Topic: Europe (excluding the United Kingdom) (02/19/09)

TITLE: Meet Me Halfway
By Karen Shell


The chance of a lifetime comes only once. For Bobby, this summer would offer adventure, escape and a season of change.

As a pastor’s and Sunday School teacher’s son, Bobby felt he had grown up with pressure in every part of his life, from church to part-time jobs. All Bobby had ever wanted to do was play ball. So when the opportunity came to not only play ball, but leave the country, he snatched it as if his life depended on it. Needless to say, his parents weren’t pleased when his news overshadowed their plans of a mission trip in four U.S. cities, that included him. They thought perhaps, with only two years left in college, this summer would be their last chance to reach him before he left home for good. The scout, however, had given him other options.

Last year, he had gotten his hopes up after talking to scouts from three different teams, only to be passed by in the end. Now, he was sure this season would be his big break. Some players would turn down the offer, waiting for a chance to play in the United States, but Bobby had more than baseball on his mind. He was to leave immediately for training in Florida before spending four months in Italy. Baseball in Italy could be the stepping stone Bobby needed, but also, the opportunity to discover his own future, on his own terms.

When the team arrived in Rimini, Bobby was craving change too much to be intimidated by culture shock. But he was still alone in a strange country. Miguel, the team’s pitching coach, sensed a need in the young man’s life. Taking on the role of mentor, and friend, he invited Bobby to dinner at his home after settling into his room and calling home. Bobby gladly accepted, but had no desire to phone anyone.

Upon entering the modest Italian home, aromas of a home-cooked, authentic Italian meal emitting from the kitchen reminded Bobby of past Sunday dinners when he enjoyed being at home. As the family sat down to eat, he was surprised, yet not uncomfortable, when the coach, his wife and all three kids bowed their heads to pray. He was even more surprised when Miguel included his name as he prayed, “Father, we thank you for this food, for the one who prepared it; thank you for this special guest you have sent our way. We ask that you bless his career and his life. We pray these things in the name of Jesus our Lord, Amen.”

An unexpected tear rolled down Bobby’s face as a feeling of homesickness surged through his heart, but not for the U.S.

The following week, Bobby watched Miguel closely at home and on the field. When Miguel’s wife asked him to church on Sunday, he hesitated, but his curiosity outweighed his anger at the moment, so he agreed. The preacher at the small but lovely church seemed genuinely excited to welcome their visitor. By the end of the service, Bobby felt as if he belonged, as if he were part of the congregation, the family. Later that afternoon, he confronted Miguel with a question that he wasn’t sure how to phrase.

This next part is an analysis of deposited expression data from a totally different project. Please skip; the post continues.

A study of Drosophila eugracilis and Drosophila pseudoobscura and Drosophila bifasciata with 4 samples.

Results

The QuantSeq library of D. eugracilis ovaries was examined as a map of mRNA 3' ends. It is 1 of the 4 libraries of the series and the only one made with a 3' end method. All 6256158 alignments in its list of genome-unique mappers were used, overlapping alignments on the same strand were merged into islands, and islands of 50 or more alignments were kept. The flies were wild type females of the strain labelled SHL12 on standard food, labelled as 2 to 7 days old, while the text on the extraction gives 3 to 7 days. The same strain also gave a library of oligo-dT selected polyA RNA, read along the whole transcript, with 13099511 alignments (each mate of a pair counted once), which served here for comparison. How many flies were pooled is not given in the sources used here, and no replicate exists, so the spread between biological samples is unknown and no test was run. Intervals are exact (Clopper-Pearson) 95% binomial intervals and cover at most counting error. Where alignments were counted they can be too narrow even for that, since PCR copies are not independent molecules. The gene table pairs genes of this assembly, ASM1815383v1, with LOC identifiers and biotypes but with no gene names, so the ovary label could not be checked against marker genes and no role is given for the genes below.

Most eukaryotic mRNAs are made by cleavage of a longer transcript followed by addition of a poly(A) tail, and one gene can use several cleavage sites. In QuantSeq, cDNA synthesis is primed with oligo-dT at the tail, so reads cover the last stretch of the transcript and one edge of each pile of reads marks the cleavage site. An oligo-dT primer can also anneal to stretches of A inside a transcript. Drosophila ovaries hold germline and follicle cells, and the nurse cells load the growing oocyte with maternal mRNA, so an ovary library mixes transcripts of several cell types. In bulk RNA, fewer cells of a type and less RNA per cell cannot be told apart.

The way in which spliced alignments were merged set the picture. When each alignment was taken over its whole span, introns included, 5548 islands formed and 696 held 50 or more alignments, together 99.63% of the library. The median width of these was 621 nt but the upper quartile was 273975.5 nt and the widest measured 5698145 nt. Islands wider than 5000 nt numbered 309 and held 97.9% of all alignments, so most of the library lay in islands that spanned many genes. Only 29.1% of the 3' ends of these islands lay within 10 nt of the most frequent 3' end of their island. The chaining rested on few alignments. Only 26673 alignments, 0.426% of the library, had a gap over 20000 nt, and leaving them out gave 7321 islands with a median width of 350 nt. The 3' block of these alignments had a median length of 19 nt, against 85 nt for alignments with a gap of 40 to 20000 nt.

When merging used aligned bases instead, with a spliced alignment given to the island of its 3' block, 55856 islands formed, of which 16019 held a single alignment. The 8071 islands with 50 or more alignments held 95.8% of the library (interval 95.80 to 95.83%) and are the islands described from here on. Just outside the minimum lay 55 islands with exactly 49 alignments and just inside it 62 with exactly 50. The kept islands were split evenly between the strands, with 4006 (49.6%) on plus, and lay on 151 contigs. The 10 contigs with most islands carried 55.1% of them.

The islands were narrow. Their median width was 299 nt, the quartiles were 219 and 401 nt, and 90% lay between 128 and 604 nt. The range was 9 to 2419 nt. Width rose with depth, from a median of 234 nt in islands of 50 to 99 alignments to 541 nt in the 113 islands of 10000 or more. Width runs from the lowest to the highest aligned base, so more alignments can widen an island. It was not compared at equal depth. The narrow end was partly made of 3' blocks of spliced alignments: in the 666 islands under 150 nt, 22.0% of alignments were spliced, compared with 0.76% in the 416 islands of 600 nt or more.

“Miguel,” he began, trying to make sense of it himself, “how do you serve God and coach baseball? I mean, doesn’t one get in the way of the other?”

Miguel smiled and gestured, leading Bobby into a small den that he hadn’t noticed before. He stared at the wall as Miguel stood back and humbly watched. Bobby stood in awe as his eyes surveyed trophies, pictures, and newspaper articles with photos of Miguel’s career.

“You played in the pros?” Bobby asked.

“Twelve years,” Miguel replied proudly, then correcting himself, “God blessed me to play 12 years with winning seasons and good health.”

“But how did you play ball and, you know, know God?” Bobby asked clumsily, still frustrated with the concept.

“Bobby,” Miguel began in his broken English, “God doesn’t ask you to give up the life He gave you; only to put Him first. I am a Christian who happens to be a baseball player. You have talent, Bobby. Do I need to tell you where it comes from?”

Bobby realized, or maybe just finally admitted to himself, that he would never be happy, even doing what he loved, without God. After all, God had met him halfway across the world to show him He cared.

Member Date
Virgil Youngblood 02/26/09
Great message. Well written.
Angela M. Baker-Bridge02/28/09
An important lesson. The first sentence though borders on being redundant. Glad he saw the light in the end.